Friday, March 14, 2014

Janette Rallison's Tips On How to Get the Most Out of a Writing Conference.

So you’ve signed up for conference and you want to know how to get your money’s worth. My advice: Don’t worry about money. As soon as you sell your manuscript, you’ll be super rich.

Ha ha! That’s some author humor for you. (We need to find ways to amuse ourselves, or otherwise we’d cry, and you know how awkward that is. No one likes a writer who is sobbing during lunch.)

Here are 10 tips to help you get the most out of conference.

1)      Come with a learning attitude. If you think your manuscript is perfect, and you’re just at conference to land an agent, you’re going to miss out on some great opportunities to improve your craft. And you can always improve your craft. I’ve had 21 books published, and I’m still learning new things about writing.

2)      Don’t skip classes that deal with other genres. Even if you’re writing science fiction, you can still benefit from a romance class. A romance might be just the thing your robot wars book needs. Ditto if you’re writing romance. Many romances could be improved with a good robot war.  Someday you might want to write YA, or you might want to pump up the suspense or horror in your current work in progress. Check out other genres.

3)      Don’t stalk the agents and editors. Yes, it’s fine to talk to them. Yes, you can ask them questions. They come to conference to help writers and to find new projects—hopefully yours! But be professional. As much as I enjoy hearing editors’ bad-writer stories (One of my editors had someone pitch to her at her mother’s funeral.) you don’t want to become one of those stories. You can’t sell your manuscript anyway—it will always be the manuscript that sells itself.

4)      Send your manuscript to the editors or agents after conference—after you’ve incorporated the things you’ve learned at conference to make your book better. Don’t print out your manuscript and give it to agents or editors at conference. They can’t carry a lot of stuff on the airplane, so they won’t take it—and a bunch of trees somewhere will cry at the paper wasted.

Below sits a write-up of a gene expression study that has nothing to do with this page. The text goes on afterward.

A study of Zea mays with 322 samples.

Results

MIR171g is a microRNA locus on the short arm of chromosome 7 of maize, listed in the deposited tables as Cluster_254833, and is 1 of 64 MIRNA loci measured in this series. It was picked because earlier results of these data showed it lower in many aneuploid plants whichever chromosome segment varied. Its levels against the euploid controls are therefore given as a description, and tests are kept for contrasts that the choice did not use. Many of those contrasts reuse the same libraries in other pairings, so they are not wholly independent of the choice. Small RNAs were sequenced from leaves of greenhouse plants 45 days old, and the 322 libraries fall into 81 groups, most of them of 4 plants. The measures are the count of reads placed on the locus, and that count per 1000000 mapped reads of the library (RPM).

5)      Do stalk the authors. Okay, not really. What I mean is that authors come to conference because for some weird reason we feel compelled to help our competition. It’s probably self-defeating behavior, but we do it anyway. We love other writers. Writers are a special breed of people, and we like connecting with each other. Don’t feel nervous or intimidated to talk to an author. They love hearing that you read their book, or liked their cover, or whatever. Our kids refuse to believe we’re cool, so we enjoy meeting people who think we are.

6)      Don’t be afraid to ask questions. Frequently presenters leave time at the end of their class for questions. Don’t be shy about asking. In fact, don’t be shy at all. If you want to be a successful author, you’ll need to learn to get up in front of people and speak.

7)      Check out the book store. I’m not just telling you this because I don’t want to lug boxes of my books back through the airport. (Although I don’t.)  If you want to be a writer, you need to read. Reading helps you figure out what works and what doesn’t. Every time you don’t finish a book, ask yourself what the author did wrong, and don’t do that thing. If you like a book, reread it. Study it. Mark it up. Also, most authors in the bookstore discount their books, so you can find some great deals. I have it on good authority that Christmas will come this year, as well as all the birthdays you celebrated last year. Books make wonderful gifts. And hey, if you buy one of my books that is half price, your loved ones will think you spent twice as much money as you really did. Score.

8)      Take notes, and be sure to review those notes later as you work on your manuscript. There’s too much to take in during conference and you’ll forget a lot of what the teachers said. But if you’ve got good notes, they’ll be able to help you all year long.

9)      Go to Janette Rallison’s (C.J. Hill) classes. She’s super awesome. Just saying.

10)   Enjoy! Have fun. How often do you get to hang out with a group of people who think that hearing voices is a perfectly acceptable way to work on dialogue? We understand each other. We are a tribe. Make friends. Look into the support/critique groups that are available, such as Authors Incognito, (anyone who goes to conference is eligible to join) LDStorymakers, (anyone who is LDS and has published with a traditional publisher is eligible to join) ANWA (LDS women writers) or Indie Author Hub (LDS self-published authors.) Or start your own critique group with people you make at conference. Have a great time!

Find out more about Janette Rallison and CJ Hill books here. She's a multiple Whitney finalist and well-worth reading. One of my personal favorite authors, actually.